Michael Collier was born in Phoenix, Arizona in 1953. He studied with William Meredith as an undergraduate at Connecticut College, and earned his MFA at the University of Arizona. Poet laureate of Maryland from 2001-2004, Collier is also the director of the Bread Loaf Writers’ Conference, and teaches in the creative writing program at the University of Maryland. His books of poetry include The Clasp and Other Poems (1986), The Folded Heart (1989), The Neighbor (1995), The Ledge (2000), which was a finalist for the National Book Critics Circle Award, and Dark Wild Realm (2006).
Collier’s poems often reveal a fascination with objects and their significance; they are populated with, according to poet and critic James Longenbach, a “sinister and yet oddly comic cast of misfits, ogres and giants.” One of his poems from The Neighbor juxtaposes a map of Vietnam, bread balls, and fish hooks for catching bluegills; in “All Souls,” macabre, costumed revelers watching a raccoon are dressed as historical and political figures. Collier himself has noted, “I suppose… that I believe almost literally in Williams’ notion of ‘no ideas but in things.’ I’m a consumer. I like things.” Beyond the surfaces of the things and characters, Collier’s poems reach for moments of truth and clarity.
As an editor and director of the Bread Loaf Writers’ Conference since 1995, Collier has been an influential member of the writing and teaching community, saying in a Blackbird interview about teaching poetry, “I think poetry does have this ability to help us deal with things that aren’t black and white and make our thinking more subtle.” He has spoken of his relationship with Meredith, and other teachers, as necessary stages in his development. In an interview with the University of Maryland’s magazine he noted, “A mentor can take you to a certain place, can take you so far and then you have to move on from your mentor.” Collier is the editor of two acclaimed anthologies of poetry, The Wesleyan Tradition: Four Decades of American Poetry (1993) and The New American Poets: A Bread Loaf Anthology (2000), and a translation of Medea (2006). He is also the author of a collection of essays, Make Us Wave Back (2007).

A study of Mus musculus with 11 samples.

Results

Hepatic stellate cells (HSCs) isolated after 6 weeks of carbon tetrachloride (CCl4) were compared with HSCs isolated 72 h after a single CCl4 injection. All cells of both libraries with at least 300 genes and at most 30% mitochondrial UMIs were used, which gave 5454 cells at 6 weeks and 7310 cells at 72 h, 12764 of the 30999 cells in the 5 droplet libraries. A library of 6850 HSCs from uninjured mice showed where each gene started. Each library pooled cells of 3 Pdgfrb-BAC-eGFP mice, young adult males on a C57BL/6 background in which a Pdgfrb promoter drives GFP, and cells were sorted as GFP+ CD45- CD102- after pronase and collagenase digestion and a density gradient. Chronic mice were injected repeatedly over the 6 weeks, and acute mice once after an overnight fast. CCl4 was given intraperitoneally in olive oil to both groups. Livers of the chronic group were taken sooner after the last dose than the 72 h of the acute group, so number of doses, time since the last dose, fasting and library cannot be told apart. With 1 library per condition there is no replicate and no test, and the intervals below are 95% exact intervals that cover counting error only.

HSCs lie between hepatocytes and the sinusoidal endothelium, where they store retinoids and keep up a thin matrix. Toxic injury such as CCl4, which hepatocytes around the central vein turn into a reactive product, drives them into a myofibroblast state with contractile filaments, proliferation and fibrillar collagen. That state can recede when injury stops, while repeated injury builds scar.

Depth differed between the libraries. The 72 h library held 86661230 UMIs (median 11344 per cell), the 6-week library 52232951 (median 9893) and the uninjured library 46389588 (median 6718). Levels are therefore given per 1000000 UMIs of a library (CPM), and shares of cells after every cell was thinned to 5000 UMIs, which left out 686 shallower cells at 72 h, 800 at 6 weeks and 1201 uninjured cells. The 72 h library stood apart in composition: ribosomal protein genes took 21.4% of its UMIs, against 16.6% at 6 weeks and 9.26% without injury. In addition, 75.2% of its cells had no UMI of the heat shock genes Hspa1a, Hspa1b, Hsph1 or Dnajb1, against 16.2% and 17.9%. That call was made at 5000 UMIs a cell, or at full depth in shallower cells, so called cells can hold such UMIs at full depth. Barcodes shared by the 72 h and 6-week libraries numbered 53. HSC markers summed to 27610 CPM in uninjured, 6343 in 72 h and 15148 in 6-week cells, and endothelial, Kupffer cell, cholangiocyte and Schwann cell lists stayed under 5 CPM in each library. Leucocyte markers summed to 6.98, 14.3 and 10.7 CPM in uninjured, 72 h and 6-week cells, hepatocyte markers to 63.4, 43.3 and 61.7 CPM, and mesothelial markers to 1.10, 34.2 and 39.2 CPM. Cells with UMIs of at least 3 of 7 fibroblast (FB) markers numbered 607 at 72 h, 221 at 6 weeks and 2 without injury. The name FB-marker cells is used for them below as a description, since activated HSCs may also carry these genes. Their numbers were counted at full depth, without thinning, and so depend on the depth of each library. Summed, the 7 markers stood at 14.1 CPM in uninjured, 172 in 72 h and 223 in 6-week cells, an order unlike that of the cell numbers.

Michael Collier has received numerous awards for his poetry, including fellowships from the Guggenheim Foundation and the National Endowment for the Arts, the Alice Fay di Castagnola Award, an Academy Award in Literature, a Pushcart Prize, the Thomas Watson Fellowship, and a “Discovery”/The Nation award. He lives in Maryland.